CD Review of Songs for You, Truths for Me by James Morrison
Recommended if you like
Stevie Wonder, Marc Broussard, James Blunt
Label
Interscope/Polydor
James Morrison:
Songs for You, Truths for Me

Reviewed by Mike Farley

f you dug UK sensation James Morrison’s 2006 debut, Undiscovered, you’ll find some things to like about the follow-up, Songs for You, Truths for Me. But as you might also expect, success breeds bigger recording budgets, which can lead to over-production. That’s the case with Morrison’s latest effort, because while the songs are all solid, it sounds like something that’s been put through a musical meat grinder so as to sound like every other soulful pop artist out there. Dude does have one of the purest, strongest voices in modern music, though, and he knows how to put his thoughts on paper and deliver them with emotion. And not all of the production is bad—instead, some of the tracks, with help from the Nashville Symphony Orchestra, may remind you of early Stevie Wonder.

Kicking things off is “The Only Night,” which has that Stevie feel and is made for radio, movie placements and big things for Morrison to continue the huge success of Undiscovered. Still, it’s lacking the purity of the songs on his debut. The same can be said about the catchy but too slick “Save Yourself” and R&B-flavored “Please Don’t Stop the Rain.” Perhaps the best track is “Broken Strings,” a stunning duet with Nelly Furtado that somehow makes breaking up seem uplifting. “Nothing Ever Hurt Like You” is UK-flavored soul along the lines of “The Commitments.” “Once When I Was Little” will remind you of “You Give Me Something” from the debut, but with much more instrumentation and the employment of more expensive microphones. As you might also expect, two of the real gems on here are buried later on the album, as Morrison makes no bones about the difficulty of his strained relationship with long-time girlfriend Gill on pretty heartfelt numbers “If You Don’t Wanna Love Me” and “Love Is Hard.”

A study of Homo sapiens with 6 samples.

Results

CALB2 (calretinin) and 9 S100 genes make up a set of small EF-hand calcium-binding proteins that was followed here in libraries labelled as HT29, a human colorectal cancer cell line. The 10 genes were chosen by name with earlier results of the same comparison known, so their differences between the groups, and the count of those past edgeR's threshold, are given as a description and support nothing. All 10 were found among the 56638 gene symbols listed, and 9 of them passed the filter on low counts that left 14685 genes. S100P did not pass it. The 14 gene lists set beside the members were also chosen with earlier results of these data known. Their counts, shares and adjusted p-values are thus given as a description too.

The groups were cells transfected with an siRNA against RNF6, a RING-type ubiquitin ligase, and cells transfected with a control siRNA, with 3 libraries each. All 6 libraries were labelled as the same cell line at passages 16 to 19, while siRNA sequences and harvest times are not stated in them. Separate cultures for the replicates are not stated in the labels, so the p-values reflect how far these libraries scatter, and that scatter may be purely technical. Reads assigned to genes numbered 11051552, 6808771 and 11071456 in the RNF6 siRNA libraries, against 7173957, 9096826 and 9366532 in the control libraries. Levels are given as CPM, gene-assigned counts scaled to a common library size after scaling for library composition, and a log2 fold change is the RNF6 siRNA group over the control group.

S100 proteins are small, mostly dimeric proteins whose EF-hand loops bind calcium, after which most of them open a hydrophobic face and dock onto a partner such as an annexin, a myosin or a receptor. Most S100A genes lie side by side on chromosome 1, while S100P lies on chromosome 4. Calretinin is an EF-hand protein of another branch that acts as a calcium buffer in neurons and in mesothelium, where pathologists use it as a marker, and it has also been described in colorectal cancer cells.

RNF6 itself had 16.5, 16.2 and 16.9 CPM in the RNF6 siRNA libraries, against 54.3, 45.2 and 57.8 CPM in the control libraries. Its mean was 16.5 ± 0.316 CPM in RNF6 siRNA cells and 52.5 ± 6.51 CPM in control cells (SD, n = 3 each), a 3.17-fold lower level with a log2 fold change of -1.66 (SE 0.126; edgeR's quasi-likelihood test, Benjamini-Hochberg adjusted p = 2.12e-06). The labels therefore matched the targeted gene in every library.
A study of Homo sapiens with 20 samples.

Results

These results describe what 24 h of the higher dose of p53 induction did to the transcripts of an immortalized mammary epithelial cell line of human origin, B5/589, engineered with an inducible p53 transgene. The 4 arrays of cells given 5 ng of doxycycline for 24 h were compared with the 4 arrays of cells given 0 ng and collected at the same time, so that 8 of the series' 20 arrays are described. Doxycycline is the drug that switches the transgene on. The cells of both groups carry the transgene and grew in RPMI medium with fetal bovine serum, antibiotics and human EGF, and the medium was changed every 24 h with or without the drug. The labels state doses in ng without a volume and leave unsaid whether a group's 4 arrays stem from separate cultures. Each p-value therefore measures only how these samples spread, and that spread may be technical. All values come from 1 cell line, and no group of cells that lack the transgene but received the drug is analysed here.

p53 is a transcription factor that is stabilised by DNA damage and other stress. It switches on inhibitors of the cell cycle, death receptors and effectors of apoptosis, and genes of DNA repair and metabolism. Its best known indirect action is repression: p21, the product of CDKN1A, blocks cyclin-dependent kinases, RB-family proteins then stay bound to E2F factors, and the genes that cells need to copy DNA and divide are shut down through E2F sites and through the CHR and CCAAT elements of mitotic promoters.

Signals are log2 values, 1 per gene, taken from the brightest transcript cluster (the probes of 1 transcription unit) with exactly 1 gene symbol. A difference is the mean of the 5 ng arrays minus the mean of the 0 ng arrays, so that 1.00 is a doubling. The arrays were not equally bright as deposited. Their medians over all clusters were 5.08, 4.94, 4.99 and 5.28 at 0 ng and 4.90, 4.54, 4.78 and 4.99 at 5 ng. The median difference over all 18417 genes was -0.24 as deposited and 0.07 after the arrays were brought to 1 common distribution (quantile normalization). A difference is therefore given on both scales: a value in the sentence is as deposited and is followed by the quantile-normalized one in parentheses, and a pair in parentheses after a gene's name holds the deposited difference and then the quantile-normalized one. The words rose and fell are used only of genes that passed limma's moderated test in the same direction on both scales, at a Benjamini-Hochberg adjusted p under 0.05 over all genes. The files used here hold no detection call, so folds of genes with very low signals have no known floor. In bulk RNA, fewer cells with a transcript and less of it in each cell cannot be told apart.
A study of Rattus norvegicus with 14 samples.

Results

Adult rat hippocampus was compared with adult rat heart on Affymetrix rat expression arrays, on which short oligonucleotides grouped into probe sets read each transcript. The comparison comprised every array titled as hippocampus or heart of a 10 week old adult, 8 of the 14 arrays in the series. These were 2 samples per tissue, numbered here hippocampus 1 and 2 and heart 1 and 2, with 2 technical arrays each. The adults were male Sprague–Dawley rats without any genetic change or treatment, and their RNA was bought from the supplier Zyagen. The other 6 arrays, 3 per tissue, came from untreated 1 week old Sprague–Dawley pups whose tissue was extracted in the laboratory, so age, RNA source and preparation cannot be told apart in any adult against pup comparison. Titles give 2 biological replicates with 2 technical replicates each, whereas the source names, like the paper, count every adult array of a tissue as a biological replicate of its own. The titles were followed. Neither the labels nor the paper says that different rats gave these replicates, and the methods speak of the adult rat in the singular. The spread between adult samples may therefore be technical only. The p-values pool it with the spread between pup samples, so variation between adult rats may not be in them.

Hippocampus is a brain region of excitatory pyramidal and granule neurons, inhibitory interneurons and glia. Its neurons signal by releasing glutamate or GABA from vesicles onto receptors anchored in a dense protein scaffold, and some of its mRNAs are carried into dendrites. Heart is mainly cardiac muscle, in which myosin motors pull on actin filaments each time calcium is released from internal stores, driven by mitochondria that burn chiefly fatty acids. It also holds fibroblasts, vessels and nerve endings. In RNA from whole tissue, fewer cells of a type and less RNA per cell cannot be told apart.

James Morrison

There is no doubt James Morrison knows how to use his vocal instrument to belt out his personal feelings, and he sure has a boatload of ability. But at some point, the major labels have got to stop trying to capitalize on every ounce of success with an artist, and stop subjecting projects like this to bigger studios and trying to make the songs all sound the same. Still, Morrison’s talent shines through once again, and that’s really the bottom line.